Close Up Space

When I saw the title design for Close Up Space (close as in, “close the door,” not, “we were close friends”), I geeked out over the copyediting mark, and immediately knew this was something I wanted to see. As to be expected, though, Close Up Space had a double meaning. Yes, it refers to closing up a space within a manuscript (our protagonist is an editor at a New York publishing house), but it also refers to closing up the space between a father and daughter. This is an intriguing premise, rife with opportunities for pathos and soul searching. That’s all there, but Close Up Space still misses the mark.

To put it succinctly, as Paul (David Hyde Pierce) – the editor – would demand, Close Up Space needs an editor. Not necessarily to trim down the play (which, as swiftly directed by Leigh Silverman, clocks in just under 90 minutes); rather, it needs an editor to trim the unnecessary and help tighten up the focus and develop certain characters.

Set entirely in Paul’s Tandem Books office (Todd Rosenthal’s set is full of rich details), we first meet Paul as he demonstrates for his new intern, Bailey (Jessica DiGiovanni), how to edit a communiqué. We soon meet Paul’s office manager, Steve (the terrific Michael Chernus, who, as Steve, provides a touching foil to Paul’s clenched-jaw Type-A personality), his star author Vanessa (an impressive and restrained Rosie Perez) and Paul’s daughter, Harper (Colby Minifie).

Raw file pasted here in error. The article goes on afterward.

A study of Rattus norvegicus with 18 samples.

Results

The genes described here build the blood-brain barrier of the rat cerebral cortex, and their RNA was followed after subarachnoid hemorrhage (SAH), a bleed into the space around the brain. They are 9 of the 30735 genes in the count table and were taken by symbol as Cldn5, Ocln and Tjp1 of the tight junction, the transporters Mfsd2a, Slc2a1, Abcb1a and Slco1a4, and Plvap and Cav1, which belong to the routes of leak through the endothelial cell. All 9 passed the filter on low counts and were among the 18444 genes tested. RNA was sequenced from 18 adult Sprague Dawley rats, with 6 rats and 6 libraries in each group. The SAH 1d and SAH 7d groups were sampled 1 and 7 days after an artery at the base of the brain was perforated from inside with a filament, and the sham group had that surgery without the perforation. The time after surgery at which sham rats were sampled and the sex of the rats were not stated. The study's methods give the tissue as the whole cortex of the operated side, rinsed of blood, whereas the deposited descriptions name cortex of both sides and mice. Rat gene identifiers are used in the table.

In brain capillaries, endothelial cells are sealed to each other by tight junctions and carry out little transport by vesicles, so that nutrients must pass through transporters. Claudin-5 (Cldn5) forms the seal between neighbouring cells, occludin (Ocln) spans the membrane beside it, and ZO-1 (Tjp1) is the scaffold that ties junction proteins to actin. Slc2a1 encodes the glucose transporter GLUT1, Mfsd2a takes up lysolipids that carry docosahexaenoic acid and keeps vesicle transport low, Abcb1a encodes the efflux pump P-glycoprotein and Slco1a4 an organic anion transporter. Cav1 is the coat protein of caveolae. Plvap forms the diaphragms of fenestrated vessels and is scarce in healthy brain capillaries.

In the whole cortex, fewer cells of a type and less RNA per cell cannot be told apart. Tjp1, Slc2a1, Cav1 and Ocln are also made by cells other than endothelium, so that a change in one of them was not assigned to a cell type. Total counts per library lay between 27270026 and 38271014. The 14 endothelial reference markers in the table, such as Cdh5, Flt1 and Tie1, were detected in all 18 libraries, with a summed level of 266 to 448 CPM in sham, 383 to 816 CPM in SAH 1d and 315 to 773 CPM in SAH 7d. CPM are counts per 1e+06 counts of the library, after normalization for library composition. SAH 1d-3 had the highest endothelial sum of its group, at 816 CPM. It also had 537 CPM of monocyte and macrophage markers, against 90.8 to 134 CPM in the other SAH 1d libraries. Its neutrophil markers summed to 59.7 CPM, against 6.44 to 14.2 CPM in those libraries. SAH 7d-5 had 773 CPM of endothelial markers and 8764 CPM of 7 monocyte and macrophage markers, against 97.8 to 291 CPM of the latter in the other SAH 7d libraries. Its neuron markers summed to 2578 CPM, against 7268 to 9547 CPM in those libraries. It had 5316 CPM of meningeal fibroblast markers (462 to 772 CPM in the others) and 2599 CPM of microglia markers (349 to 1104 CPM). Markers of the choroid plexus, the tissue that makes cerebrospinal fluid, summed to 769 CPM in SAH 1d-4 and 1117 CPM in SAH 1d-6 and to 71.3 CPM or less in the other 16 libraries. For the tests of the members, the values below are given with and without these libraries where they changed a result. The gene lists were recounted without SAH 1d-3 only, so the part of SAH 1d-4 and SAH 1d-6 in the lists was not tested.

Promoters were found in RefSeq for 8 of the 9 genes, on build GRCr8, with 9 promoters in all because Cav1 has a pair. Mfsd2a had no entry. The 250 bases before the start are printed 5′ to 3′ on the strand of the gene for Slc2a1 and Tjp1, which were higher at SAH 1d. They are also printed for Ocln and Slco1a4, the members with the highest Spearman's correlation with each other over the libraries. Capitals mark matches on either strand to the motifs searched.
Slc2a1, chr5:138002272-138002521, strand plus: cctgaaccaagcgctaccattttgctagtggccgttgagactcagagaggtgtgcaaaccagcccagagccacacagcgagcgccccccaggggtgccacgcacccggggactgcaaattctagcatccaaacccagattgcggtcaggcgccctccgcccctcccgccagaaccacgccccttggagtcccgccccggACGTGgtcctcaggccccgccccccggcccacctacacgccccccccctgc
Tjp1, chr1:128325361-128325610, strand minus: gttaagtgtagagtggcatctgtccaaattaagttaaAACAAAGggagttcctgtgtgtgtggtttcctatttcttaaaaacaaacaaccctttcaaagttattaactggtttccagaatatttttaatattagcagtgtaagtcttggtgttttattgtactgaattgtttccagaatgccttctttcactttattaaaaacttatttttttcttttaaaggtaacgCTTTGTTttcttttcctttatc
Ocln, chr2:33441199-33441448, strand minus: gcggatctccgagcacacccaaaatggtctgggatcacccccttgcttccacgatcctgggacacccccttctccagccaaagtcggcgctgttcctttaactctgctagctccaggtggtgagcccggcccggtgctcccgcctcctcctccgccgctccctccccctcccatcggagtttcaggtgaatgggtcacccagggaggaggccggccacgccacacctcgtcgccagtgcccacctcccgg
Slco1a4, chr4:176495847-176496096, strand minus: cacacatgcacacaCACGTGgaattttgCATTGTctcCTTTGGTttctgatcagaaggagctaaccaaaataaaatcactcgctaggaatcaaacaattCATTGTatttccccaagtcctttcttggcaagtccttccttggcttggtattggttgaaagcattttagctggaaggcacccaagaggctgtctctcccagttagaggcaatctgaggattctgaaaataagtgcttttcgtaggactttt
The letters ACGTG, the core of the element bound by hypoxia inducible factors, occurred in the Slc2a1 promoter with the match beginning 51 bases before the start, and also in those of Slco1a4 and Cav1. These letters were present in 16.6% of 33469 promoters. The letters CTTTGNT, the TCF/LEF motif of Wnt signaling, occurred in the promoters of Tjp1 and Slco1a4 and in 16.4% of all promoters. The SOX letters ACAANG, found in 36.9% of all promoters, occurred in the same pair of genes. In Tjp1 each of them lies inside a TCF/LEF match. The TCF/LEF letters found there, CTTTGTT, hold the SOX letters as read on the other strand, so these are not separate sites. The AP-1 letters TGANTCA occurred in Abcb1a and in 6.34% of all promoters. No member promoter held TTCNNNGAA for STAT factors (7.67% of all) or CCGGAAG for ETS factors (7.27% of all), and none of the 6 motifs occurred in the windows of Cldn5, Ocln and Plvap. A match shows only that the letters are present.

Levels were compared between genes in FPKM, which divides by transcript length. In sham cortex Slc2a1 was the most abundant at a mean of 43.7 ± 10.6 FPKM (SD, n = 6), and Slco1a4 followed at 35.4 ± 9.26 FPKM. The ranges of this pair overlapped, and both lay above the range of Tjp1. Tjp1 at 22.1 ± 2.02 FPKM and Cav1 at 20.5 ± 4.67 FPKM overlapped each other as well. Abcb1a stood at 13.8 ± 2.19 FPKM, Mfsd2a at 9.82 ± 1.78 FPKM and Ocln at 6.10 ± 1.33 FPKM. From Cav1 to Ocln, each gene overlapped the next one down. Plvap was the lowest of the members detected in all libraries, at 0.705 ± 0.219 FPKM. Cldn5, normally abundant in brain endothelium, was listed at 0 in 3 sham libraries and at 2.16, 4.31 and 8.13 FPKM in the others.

The thing is, Bailey is totally superfluous. She’s a throw-away character and the actress doesn’t do much to bring her to life. If I was editing the play, I would 86 the intern and spend more time developing Vanessa. There isn’t a lot on the page but Perez does a great job of filling the character gaps.

Moreover, I would recommend the playwright, Molly Smith Metzler, be more discerning in her literary allusions. Certainly, the allusions were chosen with purpose, but they also seem to appear as a crutch. Instead of providing some penetrating insight, those allusions (as I interpreted them) serve as both a white flag (as in, “I can’t figure out how to say this so I’m going to let Shakespeare do it for me”) and a plea for attention (as in, “I’m so smart—look what I know!”). We saw this smarty-pants show off bit in MTC’s last production, We Live Here. It’s more forgivable in Close Up Space, since it’s set in the literary world. Still, when I see a new play, I want to hear what its author has to say, not which poetess was her favorite.